The Minister of Transportation, Rotimi Amaechi, has been invited by the Senate joint committees on local content, downstream petroleum and legislative compliance to, among other things, explain the influx of foreign vessels on Nigeria’s waterways.
The chairman of the committee on local content, Teslim Folarin, told PREMIUM TIMES this on Sunday.
Also invited are, the minister of state for petroleum, Timipre Sylva and the Group Managing Director of the Nigeria National Petroleum Corporation (NNPC), Mele Kyari.
The trio are also expected to give explanations over the alleged abuse of the Coastal and Inland Shipping (Cabotage) Act, 2003 and the Nigerian Content Act, 2010.
The panel is currently investigating the breach of Nigerian laws by foreign vessels in the coastal region of the country.
The committees were asked to carry out the investigation after the Senate deliberated a motion on the urgent need to investigate breach of Nigerian laws by foreign vessels in coastal shipping of petroleum products in downstream sector of the Nigerian maritime industry in December 2019.
The lawmakers had expressed worry that the influx of foreign vessels into Nigerian downstream sector is against the Cabotage Act.
The act clearly restricts vessels engaged in domestic coastal trade, such that, only wholly-owned, manned and registered Nigerian vessels can engage in the domestic coastal carriage of petroleum products within the coastal and inland waterways.
The Senate had also mandated the panel to investigate foreign ship owners of freight associated with downstream activities repatriated overseas by NNPC to the detriment of the local economy.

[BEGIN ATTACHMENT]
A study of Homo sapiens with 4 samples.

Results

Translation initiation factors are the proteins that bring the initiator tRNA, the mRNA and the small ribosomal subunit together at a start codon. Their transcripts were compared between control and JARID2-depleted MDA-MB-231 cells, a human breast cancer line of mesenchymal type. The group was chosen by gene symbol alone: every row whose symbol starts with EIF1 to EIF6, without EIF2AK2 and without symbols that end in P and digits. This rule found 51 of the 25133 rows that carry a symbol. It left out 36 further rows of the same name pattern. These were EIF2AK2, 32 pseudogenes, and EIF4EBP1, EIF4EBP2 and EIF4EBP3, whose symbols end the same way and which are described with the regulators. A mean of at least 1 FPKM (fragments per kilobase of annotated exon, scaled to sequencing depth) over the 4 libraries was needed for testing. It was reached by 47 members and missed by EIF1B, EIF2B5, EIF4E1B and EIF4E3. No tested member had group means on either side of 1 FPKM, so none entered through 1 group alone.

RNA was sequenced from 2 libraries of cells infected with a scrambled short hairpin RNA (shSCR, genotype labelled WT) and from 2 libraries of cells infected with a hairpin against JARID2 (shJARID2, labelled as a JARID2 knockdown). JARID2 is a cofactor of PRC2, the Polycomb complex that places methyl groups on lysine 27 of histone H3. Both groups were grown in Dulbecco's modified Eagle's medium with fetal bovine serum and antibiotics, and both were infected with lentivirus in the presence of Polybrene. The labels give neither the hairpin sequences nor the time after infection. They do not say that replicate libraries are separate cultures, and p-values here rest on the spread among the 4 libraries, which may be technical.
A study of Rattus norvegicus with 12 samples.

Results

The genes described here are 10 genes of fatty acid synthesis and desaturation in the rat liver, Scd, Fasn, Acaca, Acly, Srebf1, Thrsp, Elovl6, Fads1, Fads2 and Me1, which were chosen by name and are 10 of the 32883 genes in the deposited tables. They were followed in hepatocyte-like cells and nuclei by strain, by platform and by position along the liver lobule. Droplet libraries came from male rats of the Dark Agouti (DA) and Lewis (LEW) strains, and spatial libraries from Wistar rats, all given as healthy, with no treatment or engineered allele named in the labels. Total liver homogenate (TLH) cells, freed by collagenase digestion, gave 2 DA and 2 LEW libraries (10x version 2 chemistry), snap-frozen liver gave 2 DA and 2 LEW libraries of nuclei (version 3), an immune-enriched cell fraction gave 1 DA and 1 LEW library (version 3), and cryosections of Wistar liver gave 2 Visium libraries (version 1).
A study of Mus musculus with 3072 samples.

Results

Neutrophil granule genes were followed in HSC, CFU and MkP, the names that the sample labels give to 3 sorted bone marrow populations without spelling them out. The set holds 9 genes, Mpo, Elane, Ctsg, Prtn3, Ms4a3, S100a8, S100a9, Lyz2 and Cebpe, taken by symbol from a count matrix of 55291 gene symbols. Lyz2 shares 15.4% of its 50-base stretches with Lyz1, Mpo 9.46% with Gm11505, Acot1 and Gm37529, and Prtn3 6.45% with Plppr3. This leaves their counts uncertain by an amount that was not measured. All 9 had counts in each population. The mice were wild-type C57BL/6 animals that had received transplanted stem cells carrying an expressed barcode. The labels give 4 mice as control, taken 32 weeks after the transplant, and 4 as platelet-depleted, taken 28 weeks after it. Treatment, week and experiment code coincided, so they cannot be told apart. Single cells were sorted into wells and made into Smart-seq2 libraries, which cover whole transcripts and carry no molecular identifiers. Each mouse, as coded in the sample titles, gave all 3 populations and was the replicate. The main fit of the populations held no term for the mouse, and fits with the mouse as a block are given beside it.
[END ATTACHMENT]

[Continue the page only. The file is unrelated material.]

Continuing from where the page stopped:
When contacted, Mr Folarin said the panel had earlier invited the former Director General of the Nigerian Maritime Administration and Safety Agency (NIMASA), Dakuku Peterside, who “could not answer because they were not his responsibilities but that of the minister (Amaechi).”
“The Senate discovered that foreign vessels are still dominating the maritime industry and the local companies are saying Nigerians must have first option. Also, COVID-19 has exposed this so-called globalisation.
“For instance, the issue of waiver, all the foreign vessels plying our waterways, what is the criteria for their operations? Also, the two per cent paid to NIMASA after any business is done, will help develop the local industry. The money is being banked and we found out they have not spent a pennt. So we want to invite the minster and GMD NNPC to help us out and tell us why the business is being dominated by foreigners.”
He also faulted some ‘inconsistencies’ in the documents submitted by Mr Peterside. He said “some the names of foreign vessels are also the same names as the local vessels”.
“We can’t carry out the investigation without talking to the key players,” he said.
The invited parties are expected to appear before the committee after the Senate’s annual recess.